According to recent data from Transport for London (TfL), more than 100,000 HGVs on London’s roads are owned by operators who have not applied for a Direct Vision Standard (DVS) permit.
The data reveals that over 44,000 safety permits have been issued, with most of them falling into the one-star category (46%) and 24% falling into the zero-star category. The remaining applications fall into the two-star category (11%), three-star category (11%), five-star category (6%) with less than 1% in the four-star category.
From March 1, 2021, HGVs with a zero-star rating will be required to fit additional vehicle safety features to operate within London. Vehicles with a one-star rating will currently be allowed to enter London, however, by 2024, a minimum of three stars will be required.
In a statement issued this week, TfL said: “Permit applications can take time to process so please apply now to ensure your vehicles have permits by 1 March 2021.” The permit scheme will operate 24 hours a day, every day of the year and from March, HGVs not holding a permit, or in contravention of permit conditions, will be issued with a £550 Penalty Charge Notice – reduced to £275 if paid within 14 days – for each day the vehicle is driven within the DVS area.
What is DVS?
Direct Vision Standard is designed to measure how much an HGV driver can see directly through their cab windows in order to assess the risk to vulnerable road users, such as pedestrians and cyclists, by using a ‘star rating’ which applies to all goods vehicles of 12 tonnes and above.
Zero star rated vehicles will require some modification including the installation of blind-spot cameras and sensors so that they can apply for the permit. Even if vehicles achieve a higher star rating and do not need modification, a DVS permit still needs to be secured.
The requirements for zero star rated vehicles:
In order to meet the standard, zero star rated vehicles will need to ensure the following modifications are in place to offer the driver a view of the nearside of the vehicle and offer vulnerable road users some advanced warning of the dangers of positioning themselves alongside the nearside of the vehicle.
A blind-spot camera will need to be fitted to the nearside of the vehicle connected to an in-cab monitor. The camera should be activated at low speeds when the left indicator is engaged.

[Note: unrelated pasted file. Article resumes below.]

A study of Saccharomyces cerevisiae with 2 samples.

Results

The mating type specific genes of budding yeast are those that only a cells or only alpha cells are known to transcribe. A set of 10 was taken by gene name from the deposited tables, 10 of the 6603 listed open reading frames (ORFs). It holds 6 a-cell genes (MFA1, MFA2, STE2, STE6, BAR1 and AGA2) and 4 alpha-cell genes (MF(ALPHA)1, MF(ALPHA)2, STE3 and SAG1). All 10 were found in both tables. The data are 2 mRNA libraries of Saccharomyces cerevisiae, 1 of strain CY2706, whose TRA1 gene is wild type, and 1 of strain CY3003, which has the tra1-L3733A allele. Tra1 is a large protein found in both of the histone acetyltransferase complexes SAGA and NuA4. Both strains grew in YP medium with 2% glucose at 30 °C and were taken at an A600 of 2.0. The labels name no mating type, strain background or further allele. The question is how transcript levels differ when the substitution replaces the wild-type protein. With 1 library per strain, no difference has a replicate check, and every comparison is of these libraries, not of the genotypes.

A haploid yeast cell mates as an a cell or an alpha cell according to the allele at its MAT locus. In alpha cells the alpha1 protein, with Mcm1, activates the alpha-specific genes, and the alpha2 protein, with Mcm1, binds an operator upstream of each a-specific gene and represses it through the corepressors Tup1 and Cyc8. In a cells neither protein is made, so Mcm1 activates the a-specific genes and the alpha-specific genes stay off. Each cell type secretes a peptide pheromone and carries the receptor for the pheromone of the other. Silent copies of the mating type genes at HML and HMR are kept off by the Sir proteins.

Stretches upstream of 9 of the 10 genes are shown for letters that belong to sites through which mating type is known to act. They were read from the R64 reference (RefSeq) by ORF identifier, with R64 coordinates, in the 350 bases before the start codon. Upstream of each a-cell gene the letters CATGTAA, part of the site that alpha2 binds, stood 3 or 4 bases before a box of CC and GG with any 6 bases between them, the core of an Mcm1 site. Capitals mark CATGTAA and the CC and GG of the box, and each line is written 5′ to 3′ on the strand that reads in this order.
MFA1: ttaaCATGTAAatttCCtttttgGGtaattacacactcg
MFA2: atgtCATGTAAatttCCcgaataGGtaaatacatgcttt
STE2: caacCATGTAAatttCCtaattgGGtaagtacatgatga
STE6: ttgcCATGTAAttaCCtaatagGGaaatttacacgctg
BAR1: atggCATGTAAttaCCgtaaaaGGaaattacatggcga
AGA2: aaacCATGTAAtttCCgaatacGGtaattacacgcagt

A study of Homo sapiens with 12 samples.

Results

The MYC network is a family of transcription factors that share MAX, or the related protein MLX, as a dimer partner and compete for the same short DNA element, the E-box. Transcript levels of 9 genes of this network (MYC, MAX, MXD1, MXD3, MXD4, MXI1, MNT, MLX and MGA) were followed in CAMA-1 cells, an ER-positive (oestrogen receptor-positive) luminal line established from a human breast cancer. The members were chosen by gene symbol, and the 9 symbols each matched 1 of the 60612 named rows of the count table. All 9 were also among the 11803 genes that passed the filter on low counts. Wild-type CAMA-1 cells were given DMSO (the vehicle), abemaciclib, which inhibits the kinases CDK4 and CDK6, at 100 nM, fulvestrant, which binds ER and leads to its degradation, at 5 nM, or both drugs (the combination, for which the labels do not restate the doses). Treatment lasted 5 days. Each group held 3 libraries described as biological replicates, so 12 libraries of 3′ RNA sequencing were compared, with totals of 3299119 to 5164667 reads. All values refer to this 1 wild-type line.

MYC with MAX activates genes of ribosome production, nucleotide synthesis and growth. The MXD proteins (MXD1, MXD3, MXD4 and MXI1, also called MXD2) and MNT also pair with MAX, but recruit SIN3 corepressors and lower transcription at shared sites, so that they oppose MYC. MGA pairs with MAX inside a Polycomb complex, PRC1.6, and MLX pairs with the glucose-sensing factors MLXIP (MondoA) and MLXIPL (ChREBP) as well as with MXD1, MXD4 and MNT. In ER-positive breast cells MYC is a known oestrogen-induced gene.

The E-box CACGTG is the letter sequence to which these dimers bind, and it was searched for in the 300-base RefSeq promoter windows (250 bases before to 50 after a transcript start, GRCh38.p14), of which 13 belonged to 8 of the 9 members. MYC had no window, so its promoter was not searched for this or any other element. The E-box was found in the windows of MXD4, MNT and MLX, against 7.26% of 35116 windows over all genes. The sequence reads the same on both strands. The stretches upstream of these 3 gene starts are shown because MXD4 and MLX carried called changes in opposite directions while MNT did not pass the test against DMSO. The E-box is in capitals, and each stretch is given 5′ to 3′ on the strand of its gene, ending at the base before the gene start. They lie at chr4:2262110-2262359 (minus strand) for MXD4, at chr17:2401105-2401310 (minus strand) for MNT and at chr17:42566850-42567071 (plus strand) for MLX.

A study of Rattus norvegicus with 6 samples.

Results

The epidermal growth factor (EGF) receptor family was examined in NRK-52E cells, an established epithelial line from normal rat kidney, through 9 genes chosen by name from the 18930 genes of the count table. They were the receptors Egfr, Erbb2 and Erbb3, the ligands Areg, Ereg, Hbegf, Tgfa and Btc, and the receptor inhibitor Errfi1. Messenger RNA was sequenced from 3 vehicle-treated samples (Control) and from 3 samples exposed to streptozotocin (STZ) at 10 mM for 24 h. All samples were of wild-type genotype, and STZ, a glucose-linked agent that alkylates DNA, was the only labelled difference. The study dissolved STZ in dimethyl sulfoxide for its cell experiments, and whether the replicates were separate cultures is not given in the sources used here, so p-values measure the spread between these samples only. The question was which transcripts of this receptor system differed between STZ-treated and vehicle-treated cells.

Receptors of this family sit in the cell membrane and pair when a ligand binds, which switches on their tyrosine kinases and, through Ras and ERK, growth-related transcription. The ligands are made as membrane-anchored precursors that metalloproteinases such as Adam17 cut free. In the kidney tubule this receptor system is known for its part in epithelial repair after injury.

Proximity sensors will need to be fitted to the nearside in line with DVS requirements to give the driver an advanced warning of movement detected in the nearside blind-spot.
Where not installed, Class V and Class VI mirrors will need to be fitted to the tractor. Side underrun protection will need to be fitted to trailers and rigid vehicles.
From a vulnerable road user perspective, an audible alert will need to be fitted so that when the left hand indicator is activated at low speeds, an audible alert will sound to warn of the vehicle turning left. In addition, a standard vehicle graphic should be applied to the rear of the vehicle or trailer in use highlighting the dangers of the nearside blind-spot.
Once installed, operators will be required to upload photographic evidence of installation and register for the permit.
A DVS Plus Solution
The Microlise solution offers options beyond the basic DVS solution. Nearside blind-spot cameras along with an in-cab device, proximity sensors with in-cab audible and visual warning, external audible alert and warning signage can all be provided by Microlise to meet the requirements. We exceed the requirements of DVS through our wider ClearVision offering and increased functionality through integration with our wider product-set.
Whilst Direct Vision Standard rightly focusses on the left side of the vehicle (around 20% of vulnerable road user deaths are a result of a left hand turn), it’s estimated that around 25% of deaths happen whilst reversing.
Our camera solution can include multiple cameras. The forward facing camera comes as a standard part of the system with additional options for a driver facing camera and more recently, a load facing camera. Additional blind-spot options include a rear facing camera (suitable for both rigids and trailers) and an offside camera.
An ADR compliant version of the camera solution is also available from Microlise enabling vehicles to remain compliant whilst carrying hazardous goods into the capital.
In order to maximise value, it is important to integrate cameras with other value add features.
Our in-cab device, the Microlise DriveTab, delivers a near-live feed of the vehicle’s blind-spots to the driver whilst manoeuvring but unlike most other ‘dumb’ devices, has multiple additional uses including dealing with deliveries/collections when used in tandem with our EPoD solution. It can offer driver logon (either manually via a PIN or through connection to the tacho head), work lists and deliver one touch satnav integration along with two way communications.
Additional apps such as our Driver Performance Management app allows drivers access to their own driving performance on-the-go and get driving tips and cross compare their scores with other drivers in their group or the wider company. Our Driver Hazard Warning app offers drivers advanced warning of low bridges, width and weight restrictions.
Apart from adding value to the installed hardware, integrating cameras with Microlise telematics means that footage can be requested through selected parts of the system, married up with telematics data and comments added to a specific event, to provide a more rounded view of what happened – in the event of an incident, this could be crucial for insurance purposes.
Camera and safety systems do not need to be stand-alone – they can be part of a much wider offering, which increases value, maximises ROI and makes dealing with a crisis far easier for everyone involved.